This is inspired by my work on The Dolorous Stroke, but adapted for OSR games.
Here's a system for when two characters duel.
Duelling requires that two combatants agree to one-on-one combat, and are not interfered with by any third fighter. Once the duel has begun (which might be in the midst of a larger fight), the combatants continue to fight round-by-round as normal, until the duel ends. The duel might end because one duellist is slain, because a third party interferes, or because one duellist admits defeat or tries to break away from the fight.
The fight is resolved normally, with both sides rolling to hit each round on their action.
At the start of each round, however, both sides must choose their tactic for that round; either Push, Parry or Feint. Each chooses secretly and reveals simultaneously, like for 'rock-paper-scissors'. Compare each fighter's tactics, which will modify the rolls for the round.
Parry beats Push, as the parrying character turns away the obvious attacks of the push. The character who parried gets +3 AC.
Push beats Feint, as the aggressive push forward batters through the attempts at finesse. The character who pushed does +3 damage if they hit.
Feint beats Parry, as the feinting characters creates openings to strike past their enemy's guard. The character who feinted gets +3 to hit.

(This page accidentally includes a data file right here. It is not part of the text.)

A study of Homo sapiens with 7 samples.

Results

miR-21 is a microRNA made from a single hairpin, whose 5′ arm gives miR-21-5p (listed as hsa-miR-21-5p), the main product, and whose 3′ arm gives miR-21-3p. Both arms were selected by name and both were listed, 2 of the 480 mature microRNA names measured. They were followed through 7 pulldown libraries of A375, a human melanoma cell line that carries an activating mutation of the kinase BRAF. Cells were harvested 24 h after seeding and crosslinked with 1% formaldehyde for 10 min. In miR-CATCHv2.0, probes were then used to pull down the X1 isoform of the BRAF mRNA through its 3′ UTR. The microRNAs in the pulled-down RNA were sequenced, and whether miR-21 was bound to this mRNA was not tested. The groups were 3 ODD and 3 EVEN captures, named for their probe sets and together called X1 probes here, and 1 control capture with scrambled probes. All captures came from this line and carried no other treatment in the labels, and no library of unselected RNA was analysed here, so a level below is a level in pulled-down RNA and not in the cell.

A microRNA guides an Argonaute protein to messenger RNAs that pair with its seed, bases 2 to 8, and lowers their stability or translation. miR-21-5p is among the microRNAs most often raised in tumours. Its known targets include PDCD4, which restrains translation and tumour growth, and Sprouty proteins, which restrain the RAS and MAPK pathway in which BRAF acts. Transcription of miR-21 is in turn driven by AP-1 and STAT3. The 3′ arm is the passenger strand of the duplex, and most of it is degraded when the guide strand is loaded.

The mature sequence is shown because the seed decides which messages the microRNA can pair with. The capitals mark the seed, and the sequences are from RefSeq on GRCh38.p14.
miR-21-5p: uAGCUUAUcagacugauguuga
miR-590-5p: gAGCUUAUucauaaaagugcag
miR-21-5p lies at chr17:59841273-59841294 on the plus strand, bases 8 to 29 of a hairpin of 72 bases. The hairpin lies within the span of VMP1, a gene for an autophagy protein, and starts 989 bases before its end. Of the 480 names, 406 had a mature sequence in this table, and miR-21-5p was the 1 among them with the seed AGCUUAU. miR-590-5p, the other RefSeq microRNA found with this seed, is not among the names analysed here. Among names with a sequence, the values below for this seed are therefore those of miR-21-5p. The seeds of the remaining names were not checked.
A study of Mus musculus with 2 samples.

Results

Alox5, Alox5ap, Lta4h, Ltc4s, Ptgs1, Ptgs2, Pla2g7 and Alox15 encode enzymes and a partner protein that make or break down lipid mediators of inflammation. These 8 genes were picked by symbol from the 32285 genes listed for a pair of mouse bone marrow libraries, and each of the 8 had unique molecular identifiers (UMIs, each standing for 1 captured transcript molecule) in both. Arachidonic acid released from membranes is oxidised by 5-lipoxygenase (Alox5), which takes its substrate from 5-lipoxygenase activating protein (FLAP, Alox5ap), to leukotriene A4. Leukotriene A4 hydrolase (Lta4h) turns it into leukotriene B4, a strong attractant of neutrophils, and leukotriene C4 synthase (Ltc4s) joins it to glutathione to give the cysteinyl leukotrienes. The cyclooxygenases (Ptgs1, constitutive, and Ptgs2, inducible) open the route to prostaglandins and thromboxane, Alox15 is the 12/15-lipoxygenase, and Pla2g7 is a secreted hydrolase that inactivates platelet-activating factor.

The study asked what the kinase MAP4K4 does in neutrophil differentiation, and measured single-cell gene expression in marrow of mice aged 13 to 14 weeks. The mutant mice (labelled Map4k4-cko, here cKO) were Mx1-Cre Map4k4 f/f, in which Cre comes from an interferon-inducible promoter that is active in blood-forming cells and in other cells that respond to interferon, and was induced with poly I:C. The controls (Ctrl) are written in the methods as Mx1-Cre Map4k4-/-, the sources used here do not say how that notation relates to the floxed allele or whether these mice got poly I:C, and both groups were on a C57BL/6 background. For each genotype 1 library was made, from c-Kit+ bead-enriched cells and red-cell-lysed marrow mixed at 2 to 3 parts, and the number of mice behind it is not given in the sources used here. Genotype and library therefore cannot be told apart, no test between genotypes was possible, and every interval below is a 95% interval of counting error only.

If both sides Parry, then the duel becomes a defensive stand-off. Both characters get +3 AC.
If both sides Push, then they just batter at each other furiously for the round. Both characters do +3 damage if they hit.
If both sides Feint, then the duel becomes a complex dance of strikes and counters. Both characters get +3 to hit.
A joust has Evasive (+3 AC), Aim for the Body (+3 damage), and Aim for the Shield (+3 to hit).
A firefight with both parties shooting from in cover has Hunker Down (+3 AC), Shoot Recklessly (+3 damage), and Aim Carefully (+3 to hit).
A fistfight has Back Up (+3 AC), Swing Wildly (+3 damage) and Dirty Blow (+3 to hit).
And so on.
For predicting your opponent to be viable, there needs to be some asymmetry between the 3 options, otherwise which option is picked will be basically a 1-in-3 random chance. So, each option gives a different advantage if it succeeds, motivating you to pick different options depending on the situation. In a round, the duelist must decide if they care most about not getting hit, about damage if they hit, or about successfully landing a blow at all. If you're losing badly, pick Parry to go on the defensive, for example. Since different combatants will have different talents and priorities, you can take a good guess at your opponent's tactic based off that.
Likewise, it's possible that the situation can make one tactic obvious for you: perhaps your down to 1HP and any hit will drop you. The obvious move here is to parry, for the AC bonus, but your opponent knows that and so will want to go for a feint in order to beat your parry and get that last hit in: if you instead go for a push, you catch them off guard, negating their feint entirely and getting extra damage in.